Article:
Pat's poem, Barry Moser's illustration. Proceeds to AWA outreach. For the text of the poem, click here.


But yesterday morning before daylight I came downstairs and in the lovely dark –Kafka said even dark is not enough solitude for the writer. I came down to write, and was thinking about strangeness, how John Gardner said the most important thing in good writing is a quality of strangeness.

Last week, when Hurricane Florence moved over North Carolina, a letter came from an extended family member there. He is an artist making stunningly beautiful jewelry out of glass, Barry Summers, www.lettherebeglass.com. We had been exchanging thoughts about “strangeness,” and I had sent him a copy of my book, How the Light Gets In, which has a chapter on “strangeness.” His letter was about his strange experience with an artistic spider.

Barry is an artist with words as well as with glass, and — I confess it — to manipulate him into more writing, I had promised him story for story. His was about a spider in his front yard. She was building a web that stretched between trees twenty to thirty feet apart. Thinking that his landlord would be mowing the lawn and risked web-in-face, he considered taking it down. I’d like to think he also wanted to discourage the spider from further construction in the face of a hurricane. He took a long, thin pole and wound up the web. Whether this was an act of compassion for the landlord, the spider, the hurricane, or himself, is not clear. My responding story didn’t make it into my chapter on “strangeness.” It might reveal that side of me that is — well, weird.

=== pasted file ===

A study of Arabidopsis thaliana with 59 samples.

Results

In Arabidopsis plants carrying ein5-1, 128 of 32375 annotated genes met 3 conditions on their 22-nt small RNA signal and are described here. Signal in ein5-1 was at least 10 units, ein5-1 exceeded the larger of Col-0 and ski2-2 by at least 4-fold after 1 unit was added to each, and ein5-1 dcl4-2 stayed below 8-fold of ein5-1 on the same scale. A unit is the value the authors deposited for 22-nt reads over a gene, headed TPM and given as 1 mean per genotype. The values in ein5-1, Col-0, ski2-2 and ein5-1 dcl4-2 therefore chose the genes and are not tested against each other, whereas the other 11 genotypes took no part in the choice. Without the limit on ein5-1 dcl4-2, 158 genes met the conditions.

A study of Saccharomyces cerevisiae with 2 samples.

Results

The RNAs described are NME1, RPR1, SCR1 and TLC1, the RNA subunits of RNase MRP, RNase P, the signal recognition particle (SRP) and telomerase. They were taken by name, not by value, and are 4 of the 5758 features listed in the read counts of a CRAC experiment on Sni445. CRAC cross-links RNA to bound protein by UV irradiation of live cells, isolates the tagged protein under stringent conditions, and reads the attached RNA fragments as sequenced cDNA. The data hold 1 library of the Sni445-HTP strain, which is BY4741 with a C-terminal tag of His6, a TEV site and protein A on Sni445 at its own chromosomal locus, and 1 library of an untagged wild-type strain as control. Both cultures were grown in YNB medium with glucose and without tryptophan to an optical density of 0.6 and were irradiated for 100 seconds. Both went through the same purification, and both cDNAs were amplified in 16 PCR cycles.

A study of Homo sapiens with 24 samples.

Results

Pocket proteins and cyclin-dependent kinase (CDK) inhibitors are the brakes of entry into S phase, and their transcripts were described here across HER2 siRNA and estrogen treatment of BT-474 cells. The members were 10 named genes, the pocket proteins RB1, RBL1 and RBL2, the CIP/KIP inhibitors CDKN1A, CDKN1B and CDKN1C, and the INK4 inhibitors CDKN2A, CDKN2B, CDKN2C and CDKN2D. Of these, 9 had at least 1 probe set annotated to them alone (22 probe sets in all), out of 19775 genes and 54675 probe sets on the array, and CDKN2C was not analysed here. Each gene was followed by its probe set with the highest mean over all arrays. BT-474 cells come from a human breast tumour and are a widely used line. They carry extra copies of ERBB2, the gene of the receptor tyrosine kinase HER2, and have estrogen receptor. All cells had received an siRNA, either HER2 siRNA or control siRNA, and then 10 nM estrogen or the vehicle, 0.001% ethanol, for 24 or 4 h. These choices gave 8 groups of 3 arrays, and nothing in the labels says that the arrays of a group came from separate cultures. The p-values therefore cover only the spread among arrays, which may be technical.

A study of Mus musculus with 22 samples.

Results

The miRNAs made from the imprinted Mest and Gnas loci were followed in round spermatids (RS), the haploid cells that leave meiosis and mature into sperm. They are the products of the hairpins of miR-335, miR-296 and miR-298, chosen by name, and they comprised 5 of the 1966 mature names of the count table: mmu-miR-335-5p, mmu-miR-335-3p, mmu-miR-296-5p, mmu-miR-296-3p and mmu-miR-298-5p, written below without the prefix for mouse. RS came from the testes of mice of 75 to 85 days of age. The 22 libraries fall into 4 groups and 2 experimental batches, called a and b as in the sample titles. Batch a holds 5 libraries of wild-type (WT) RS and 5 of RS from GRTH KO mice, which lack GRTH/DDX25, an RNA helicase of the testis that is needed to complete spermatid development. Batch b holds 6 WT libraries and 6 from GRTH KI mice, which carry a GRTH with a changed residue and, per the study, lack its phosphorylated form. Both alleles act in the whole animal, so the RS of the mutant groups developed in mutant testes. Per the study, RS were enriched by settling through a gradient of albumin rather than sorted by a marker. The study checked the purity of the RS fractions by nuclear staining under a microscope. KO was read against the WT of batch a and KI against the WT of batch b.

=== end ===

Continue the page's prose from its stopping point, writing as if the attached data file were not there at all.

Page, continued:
A good friend in my workshops and in the management of AWA, Nancy, told me that her husband’s father had died and his mother was in a nursing home. Their small farmhouse was in Norfolk, a beautiful suburban area, and it was unoccupied. I could go there for a week to write. I went, and it was as they said — old fashioned, comfy, a lovely place to write. I did for a couple of days. Then one day I wandered from room to room, looking closely at everything. On the walls of every room there were honorific framed plaques and papers praising the man for his participation and leadership in the Masons. Every room. I asked myself, where are the honors for his wife? On every floor there were handmade, braided rag carpets. Not commercial ones. I imagined, and still believe, they were her hand made rugs. I turned up the edge of one to look at the stitches, and saw that moths were having, and had been for a long time having, “their way with them.”

I went into the kitchen and went to the sink to make my lunch. I admit feeling very judgmental about the difference in the visible praise for their two lives. I was using a knife and noticed how it was worn down to a very narrow width. I held it in my hand, thinking of the many meals that woman had made standing at her sink. I was feeling connected to her — it is not too much to say I was loving her, when all at once she was in the room. I mean it — she was there, and she was furious. She did not want me there! Every hair on my body stood on end! I was being told to GET OUT!

I called Peter and told him to come and get me, ASAP! I packed my bags, gathered my papers and waited on the porch. Later I wrote a poem about it and gave it to Nancy. Later, her mother-in-law died and Nancy asked my permission to read the poem at the memorial service. That eased my feelings about the whole thing — even if the woman who used the knife didn’t feel I was honoring her, at least Nancy must have understood.

That is not the same “strangeness” as a spider building a web between two universes — but now that I say that, hmmm. Maybe there are some similarities!